This is an excerpt from Empower: How to Co-Create the Future. The full 200+ page book is available by donation!

“Crowd-based capitalism signifies a fundamental shift in how we organize the world’s economic activities”

-Arun Sundararajan

excerpt from book

David Passiak: The Sharing Economy begins with a story of you looking through Mary Meeker’s slides of annual predictions, which have become infamous for forecasting the future of tech. She foresaw an asset-light generation that wants everything on demand, shifts from access to ownership, flexible work hours, etc.

You describe this kind of a-ha moment where you realize there was much more going on. In fact, this signified a radical shift where the crowd would eventually replace the corporation as the center of capitalism. Can you tell us about this radical shift towards crowd-based capitalism?

Arun Sundararajan: The notion of an asset-light existence focuses on shifts in consumption and the idea that we are going towards a more on-demand, collaborative form of consumption—where you’re not buying music; you’re streaming it. You’re not buying a car, but ordering it on-demand. That gets rid of assets in favor of experiences, or replaces ownership with access. But that is one slice of a broader transition.

The mechanism of producing the world’s goods and services at the end of the twentieth century was very organization-centric. A lot of large institutions employed people full-time making a set of products and services that were then delivered to consumers. Now we are seeing the creation of systems that draw on resources as needed from a crowd of distributed providers.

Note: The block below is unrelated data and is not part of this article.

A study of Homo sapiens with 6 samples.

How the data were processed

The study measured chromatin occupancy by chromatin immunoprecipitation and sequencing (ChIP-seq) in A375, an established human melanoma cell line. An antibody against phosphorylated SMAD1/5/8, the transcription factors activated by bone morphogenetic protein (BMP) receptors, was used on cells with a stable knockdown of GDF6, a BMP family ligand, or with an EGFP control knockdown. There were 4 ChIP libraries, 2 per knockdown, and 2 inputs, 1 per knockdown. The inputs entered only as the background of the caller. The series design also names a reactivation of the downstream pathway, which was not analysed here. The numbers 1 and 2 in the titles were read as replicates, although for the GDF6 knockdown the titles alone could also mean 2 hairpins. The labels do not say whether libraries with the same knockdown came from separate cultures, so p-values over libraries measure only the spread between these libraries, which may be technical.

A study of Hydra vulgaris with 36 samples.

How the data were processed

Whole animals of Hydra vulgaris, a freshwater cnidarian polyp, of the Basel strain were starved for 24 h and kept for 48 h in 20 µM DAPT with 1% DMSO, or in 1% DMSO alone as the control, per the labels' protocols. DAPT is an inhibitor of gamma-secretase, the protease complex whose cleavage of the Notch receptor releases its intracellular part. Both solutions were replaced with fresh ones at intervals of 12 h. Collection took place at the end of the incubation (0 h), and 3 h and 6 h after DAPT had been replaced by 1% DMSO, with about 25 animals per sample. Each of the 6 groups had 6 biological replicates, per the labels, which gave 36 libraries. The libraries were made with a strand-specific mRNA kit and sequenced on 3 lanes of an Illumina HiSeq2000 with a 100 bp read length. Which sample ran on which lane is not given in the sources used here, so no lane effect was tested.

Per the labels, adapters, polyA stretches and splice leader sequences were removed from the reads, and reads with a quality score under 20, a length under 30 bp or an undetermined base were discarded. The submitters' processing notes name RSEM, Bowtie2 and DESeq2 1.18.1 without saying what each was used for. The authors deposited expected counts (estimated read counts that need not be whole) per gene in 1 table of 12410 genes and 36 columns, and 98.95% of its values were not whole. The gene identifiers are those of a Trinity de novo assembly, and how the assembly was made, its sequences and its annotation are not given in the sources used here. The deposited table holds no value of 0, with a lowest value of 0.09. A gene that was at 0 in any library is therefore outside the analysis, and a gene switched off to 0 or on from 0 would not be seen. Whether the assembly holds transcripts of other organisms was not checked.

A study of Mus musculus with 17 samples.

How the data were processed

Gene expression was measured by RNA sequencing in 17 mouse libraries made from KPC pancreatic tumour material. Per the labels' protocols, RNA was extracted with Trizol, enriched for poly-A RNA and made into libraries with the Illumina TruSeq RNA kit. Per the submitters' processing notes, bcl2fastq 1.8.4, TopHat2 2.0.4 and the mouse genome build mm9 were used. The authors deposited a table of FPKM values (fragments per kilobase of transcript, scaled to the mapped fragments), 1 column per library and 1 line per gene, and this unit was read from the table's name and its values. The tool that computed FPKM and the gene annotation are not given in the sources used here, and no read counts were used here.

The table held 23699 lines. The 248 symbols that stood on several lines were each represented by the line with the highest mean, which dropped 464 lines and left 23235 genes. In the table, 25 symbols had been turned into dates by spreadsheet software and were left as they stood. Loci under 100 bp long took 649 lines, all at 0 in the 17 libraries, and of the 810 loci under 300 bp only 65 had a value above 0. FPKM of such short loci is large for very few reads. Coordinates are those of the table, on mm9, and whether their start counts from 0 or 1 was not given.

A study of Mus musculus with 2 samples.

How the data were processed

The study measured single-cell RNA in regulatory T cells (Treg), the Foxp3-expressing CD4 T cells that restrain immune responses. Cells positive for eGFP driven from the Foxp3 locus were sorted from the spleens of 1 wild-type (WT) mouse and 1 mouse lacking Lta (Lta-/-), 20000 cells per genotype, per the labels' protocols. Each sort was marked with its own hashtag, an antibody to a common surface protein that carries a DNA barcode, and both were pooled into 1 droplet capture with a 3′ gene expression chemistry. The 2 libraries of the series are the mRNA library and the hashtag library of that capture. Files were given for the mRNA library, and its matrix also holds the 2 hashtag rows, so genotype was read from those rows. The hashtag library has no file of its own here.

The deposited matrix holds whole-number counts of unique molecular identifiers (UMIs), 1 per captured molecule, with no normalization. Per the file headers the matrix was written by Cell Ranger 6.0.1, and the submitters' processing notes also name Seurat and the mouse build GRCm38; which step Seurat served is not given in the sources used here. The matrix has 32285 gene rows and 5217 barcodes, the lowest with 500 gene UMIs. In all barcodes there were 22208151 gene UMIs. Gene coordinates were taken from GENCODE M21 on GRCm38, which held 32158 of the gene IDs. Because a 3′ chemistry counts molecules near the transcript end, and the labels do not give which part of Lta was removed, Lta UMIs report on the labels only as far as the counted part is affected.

For example, there is the Airbnb model where you draw on a crowd of distributed homeowners to provide short-term accommodation; or a crowd of distributed Lyft or BlaBlaCar drivers to get transportation on demand; a crowd of individual investors to assemble small business loans at Funding Circle. More broadly, all of this signifies a fundamental shift in how we organize the world’s economic activities. I refer to this as the rise of ‘crowd-based capitalism.’

ARUN SUNDARARAJAN is Professor and the Robert L. and Dale Atkins Rosen Faculty Fellow at New York University’s (NYU) Stern School of Business, and an affiliated faculty member at NYU’s Center for Data Science and Center for Urban Science and Progress. His new book The Sharing Economy was published by the MIT Press in June 2016. He has published over 50 scientific papers in peer-reviewed academic journals and conferences, and over 30 op-eds in leading outlets globally. His scholarship has been recognized by six Best Paper awards and two Google Faculty awards. He is a member of the World Economic Forum’s Global Agenda Council on Technology, Values and Policy, and advisor to numerous other policy bodies, venture capital firms and cities. He has provided expert input about the digital economy as part of Congressional testimony, and to a range of government agencies. He is a widely sought-after commentator by top media platforms.